Jan 12 2005

All Things Asian Are Becoming Us

Published by at January 12, 2005 9:00 pm under Global Culture,Globalization

Rudyard Kipling’s famous line “East is East and West is West, and never the twain shall meet” no longer applies. Today, East and West are commingled, and in this country, the East is on the rise.

Take movies. American audiences are growing more familiar with movies from China, Japan and South Korea. Quentin Tarantino is planning a kung fu movie entirely in Mandarin, and Zhang Yimou’s stylized martial arts films like “Hero” and “House of Flying Daggers” are popular across the country. Hollywood is remaking Japanese blockbusters like “The Ring” and “Shall We Dance?”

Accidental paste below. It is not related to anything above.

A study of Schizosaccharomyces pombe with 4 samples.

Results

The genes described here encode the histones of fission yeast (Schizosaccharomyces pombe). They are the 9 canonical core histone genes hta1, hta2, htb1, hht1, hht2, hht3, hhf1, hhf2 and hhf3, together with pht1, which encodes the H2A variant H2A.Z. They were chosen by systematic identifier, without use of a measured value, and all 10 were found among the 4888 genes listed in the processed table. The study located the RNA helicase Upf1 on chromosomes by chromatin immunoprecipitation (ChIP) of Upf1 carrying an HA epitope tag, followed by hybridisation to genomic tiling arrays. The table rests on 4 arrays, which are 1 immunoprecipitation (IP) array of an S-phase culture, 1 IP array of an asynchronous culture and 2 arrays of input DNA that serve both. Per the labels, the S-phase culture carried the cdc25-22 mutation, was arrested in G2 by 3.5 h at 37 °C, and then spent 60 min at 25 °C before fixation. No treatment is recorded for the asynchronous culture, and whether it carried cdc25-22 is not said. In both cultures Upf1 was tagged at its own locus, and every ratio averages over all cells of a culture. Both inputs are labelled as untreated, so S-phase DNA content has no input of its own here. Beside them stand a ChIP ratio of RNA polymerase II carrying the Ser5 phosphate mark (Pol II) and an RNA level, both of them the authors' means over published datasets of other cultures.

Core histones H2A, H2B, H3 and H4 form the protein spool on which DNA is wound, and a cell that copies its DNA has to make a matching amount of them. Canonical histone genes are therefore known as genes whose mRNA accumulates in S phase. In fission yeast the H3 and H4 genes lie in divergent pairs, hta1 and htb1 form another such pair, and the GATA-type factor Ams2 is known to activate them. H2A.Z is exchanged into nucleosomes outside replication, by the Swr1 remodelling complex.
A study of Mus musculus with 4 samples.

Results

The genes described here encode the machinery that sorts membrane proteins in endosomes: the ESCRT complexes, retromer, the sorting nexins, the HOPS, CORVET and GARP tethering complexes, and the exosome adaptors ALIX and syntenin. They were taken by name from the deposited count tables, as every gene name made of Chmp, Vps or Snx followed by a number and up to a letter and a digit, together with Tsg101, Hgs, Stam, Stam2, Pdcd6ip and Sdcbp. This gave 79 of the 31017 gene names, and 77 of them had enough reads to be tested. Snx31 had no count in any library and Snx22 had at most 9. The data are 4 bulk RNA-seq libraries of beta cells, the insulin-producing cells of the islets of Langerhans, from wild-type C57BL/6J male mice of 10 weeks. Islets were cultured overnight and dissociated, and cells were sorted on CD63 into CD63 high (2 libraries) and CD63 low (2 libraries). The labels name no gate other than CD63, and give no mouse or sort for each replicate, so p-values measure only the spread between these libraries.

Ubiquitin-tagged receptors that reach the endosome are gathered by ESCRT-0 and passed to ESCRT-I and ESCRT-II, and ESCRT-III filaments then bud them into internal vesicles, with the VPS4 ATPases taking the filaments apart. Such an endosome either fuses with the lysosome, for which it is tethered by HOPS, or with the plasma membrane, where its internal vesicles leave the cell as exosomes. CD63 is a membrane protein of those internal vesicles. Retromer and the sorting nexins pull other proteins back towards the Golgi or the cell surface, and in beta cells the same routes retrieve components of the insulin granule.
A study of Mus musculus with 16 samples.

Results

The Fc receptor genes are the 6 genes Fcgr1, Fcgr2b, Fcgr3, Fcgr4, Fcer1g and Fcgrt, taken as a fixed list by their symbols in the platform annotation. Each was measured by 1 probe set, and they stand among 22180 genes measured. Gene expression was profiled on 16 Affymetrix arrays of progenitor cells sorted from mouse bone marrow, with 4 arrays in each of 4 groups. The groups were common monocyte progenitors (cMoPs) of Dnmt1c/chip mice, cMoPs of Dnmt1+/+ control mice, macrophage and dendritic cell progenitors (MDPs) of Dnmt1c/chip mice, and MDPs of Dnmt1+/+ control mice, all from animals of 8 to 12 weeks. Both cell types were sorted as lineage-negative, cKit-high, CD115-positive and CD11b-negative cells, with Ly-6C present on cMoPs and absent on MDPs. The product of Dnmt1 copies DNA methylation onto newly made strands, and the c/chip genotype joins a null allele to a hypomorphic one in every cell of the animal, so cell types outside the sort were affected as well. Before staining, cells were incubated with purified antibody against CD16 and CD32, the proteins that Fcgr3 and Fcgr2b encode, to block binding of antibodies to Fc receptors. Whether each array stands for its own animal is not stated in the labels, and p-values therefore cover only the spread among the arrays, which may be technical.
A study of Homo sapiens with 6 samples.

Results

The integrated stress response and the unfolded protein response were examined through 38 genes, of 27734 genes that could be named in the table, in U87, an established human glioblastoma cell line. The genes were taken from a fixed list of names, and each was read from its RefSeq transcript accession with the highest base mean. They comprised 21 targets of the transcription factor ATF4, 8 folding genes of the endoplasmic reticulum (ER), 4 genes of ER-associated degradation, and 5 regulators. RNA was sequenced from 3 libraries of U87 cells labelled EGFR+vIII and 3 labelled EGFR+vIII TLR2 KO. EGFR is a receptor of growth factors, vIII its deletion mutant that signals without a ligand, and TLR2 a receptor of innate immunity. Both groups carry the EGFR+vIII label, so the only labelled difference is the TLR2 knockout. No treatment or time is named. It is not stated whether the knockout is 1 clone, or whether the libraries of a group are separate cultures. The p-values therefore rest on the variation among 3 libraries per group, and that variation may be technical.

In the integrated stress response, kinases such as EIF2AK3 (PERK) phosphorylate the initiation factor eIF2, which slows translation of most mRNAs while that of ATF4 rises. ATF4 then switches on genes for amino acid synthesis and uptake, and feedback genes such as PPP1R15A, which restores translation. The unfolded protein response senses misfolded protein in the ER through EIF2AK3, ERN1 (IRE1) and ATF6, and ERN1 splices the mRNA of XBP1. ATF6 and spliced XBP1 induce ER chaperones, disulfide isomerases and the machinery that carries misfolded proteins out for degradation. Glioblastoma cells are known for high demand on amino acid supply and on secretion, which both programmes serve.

What many Asian Americans once considered proprietary culture — kung fu, acupuncture, ginseng, incense, Confucian dramas, beef noodle soup and so on — has spilled irrevocably into the mainstream.

Three decades ago, who would have thought that sushi would become an indelible part of American cuisine? Or that Vietnamese fish sauce would be found on Aisle 3 of Safeway? Or that acupuncture would be accepted by some HMOs? That feng shui would become a household word? Or that Asian writers, especially Indian, would play a large and important role in the pantheon of American letters?

American pundits tend to look at the world through a very old prism — they associate globalization as synonymous with Americanization: i.e., how the United States influences the world. What many tend to overlook, in the age of porous borders, is how much the world has changed the United States.